Fans of 'The Good Soldier Svejk' salute genius of author Jaroslav Hasek

The famous Czech author of 'The Good Soldier Svejk and his Fortunes in the World War', Jaroslav Hasek, died 80 years ago at the early age of 39 - and it was to his genius that a special commemorative gathering was held last week in Lipnice nad Sazavou in south-east Bohemia, where Hasek spent the last few years of his life, and wrote much of his famous opus.

It is unlikely one could find a Czech who couldn't tell you at least a few words about The Good Soldier Svejk, one of the most recognised novels in Czech fiction, a novel that is generally taken as one of the greatest satirical novels of the 20th century. The Good Soldier, translated into 58 languages, including English, German, Chinese, and Catalan, maps the misadventures of Josef Svejk, a character who, though labelled an imbecile by army officials in the Austro-Hungarian empire, is one of the wisest fools one could hope to meet, thumbing his nose at authority and always escaping unscathed. Present at last week's commemoration in Lipnice nad Sazavou were fans of the novel, a politician or two, and even representatives of the Hussite church, who drank a toast at the newly-reconstructed pub where Hasek wrote. The writer's grandson, the organiser of the event, was all smiles with a pint of beer, and was even ready to poke fun at legends surrounding his famous predecessor:

"That's right, the place we're sitting now is exactly the table at which Hasek wrote this chapter, and over there, where you're sitting, that's where he sat deep in thought, and where that girl's sitting, that's where he wrote Chapter Two! But seriously, 80 years later you can't know. The fact is he did write in this space, creating many different works here, and not just Svejk, but also several plays as well. As Karel Capek said 'Hasek saw the world, others just wrote about it.' He saw Europe, travelled in Asia, lived through so much but died young, at just 39."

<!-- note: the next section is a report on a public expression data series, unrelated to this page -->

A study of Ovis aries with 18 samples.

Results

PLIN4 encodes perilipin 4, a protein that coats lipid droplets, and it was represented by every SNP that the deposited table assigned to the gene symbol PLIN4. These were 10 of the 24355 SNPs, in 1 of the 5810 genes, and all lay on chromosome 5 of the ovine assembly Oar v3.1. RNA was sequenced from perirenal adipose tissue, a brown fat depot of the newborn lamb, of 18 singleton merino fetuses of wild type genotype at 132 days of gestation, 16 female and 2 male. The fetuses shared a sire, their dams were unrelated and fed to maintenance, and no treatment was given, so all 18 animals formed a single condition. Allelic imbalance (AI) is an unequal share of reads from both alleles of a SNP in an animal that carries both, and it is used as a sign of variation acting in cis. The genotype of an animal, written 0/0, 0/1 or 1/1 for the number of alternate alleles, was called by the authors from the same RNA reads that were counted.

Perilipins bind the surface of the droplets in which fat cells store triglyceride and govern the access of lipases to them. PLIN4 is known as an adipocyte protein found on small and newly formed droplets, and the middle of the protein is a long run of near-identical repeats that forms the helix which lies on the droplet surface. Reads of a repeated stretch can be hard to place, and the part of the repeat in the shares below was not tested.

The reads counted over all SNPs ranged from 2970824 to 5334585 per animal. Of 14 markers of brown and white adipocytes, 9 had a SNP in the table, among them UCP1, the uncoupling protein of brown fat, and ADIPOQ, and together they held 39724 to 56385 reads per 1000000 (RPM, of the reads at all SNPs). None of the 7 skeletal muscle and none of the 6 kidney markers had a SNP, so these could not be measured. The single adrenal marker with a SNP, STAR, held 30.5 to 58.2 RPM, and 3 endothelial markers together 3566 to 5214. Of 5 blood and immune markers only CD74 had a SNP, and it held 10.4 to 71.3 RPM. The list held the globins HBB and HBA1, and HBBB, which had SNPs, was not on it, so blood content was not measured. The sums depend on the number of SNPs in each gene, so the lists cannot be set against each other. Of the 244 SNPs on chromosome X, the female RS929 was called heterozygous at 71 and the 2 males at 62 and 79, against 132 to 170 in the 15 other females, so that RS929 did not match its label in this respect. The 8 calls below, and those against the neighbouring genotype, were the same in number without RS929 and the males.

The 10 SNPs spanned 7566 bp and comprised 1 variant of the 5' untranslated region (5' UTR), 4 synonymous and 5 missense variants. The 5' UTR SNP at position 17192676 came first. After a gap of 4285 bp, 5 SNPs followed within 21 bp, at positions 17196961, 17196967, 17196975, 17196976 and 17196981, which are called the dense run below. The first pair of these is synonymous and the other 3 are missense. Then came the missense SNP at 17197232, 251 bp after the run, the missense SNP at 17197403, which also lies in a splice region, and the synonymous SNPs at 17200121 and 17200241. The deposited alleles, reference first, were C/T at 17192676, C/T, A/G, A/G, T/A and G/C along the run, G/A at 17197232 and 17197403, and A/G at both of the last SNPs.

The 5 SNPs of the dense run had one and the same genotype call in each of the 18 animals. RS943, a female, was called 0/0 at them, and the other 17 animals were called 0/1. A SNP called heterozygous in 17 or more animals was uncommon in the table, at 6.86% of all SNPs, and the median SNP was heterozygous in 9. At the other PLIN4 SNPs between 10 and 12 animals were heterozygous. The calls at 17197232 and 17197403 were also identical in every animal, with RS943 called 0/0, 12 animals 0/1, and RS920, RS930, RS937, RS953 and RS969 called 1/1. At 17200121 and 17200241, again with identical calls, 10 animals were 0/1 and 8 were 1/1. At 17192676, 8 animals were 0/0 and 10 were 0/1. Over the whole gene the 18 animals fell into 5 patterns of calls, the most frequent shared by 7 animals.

Today both Jaroslav Hasek and his good-humoured character Svejk have become synonymous with much of Czech wit, and there are even Svejk-styled pubs throughout the country named after the comic round-faced, beer-loving character. Pervasive though he may be, Svejk stands side by side but does not dominate the life of his author, who himself led a colourful if

Celebrating The Good Soldier Svejk
troubled existence, a hobo, an anarchist, an alcoholic, a prankster, a prolific short-story writer who got himself arrested on numerous occasions and at one time even ridiculed the death of a Czech saint by pretending to commit suicide off Prague's Charles Bridge. 80 years after the author's death we remember both the author and his creation: The Good Soldier Svejk - which should be read by fans of satire everywhere and anyone who truly wants to understand a bit of the Czech psyche as well as Czech humour.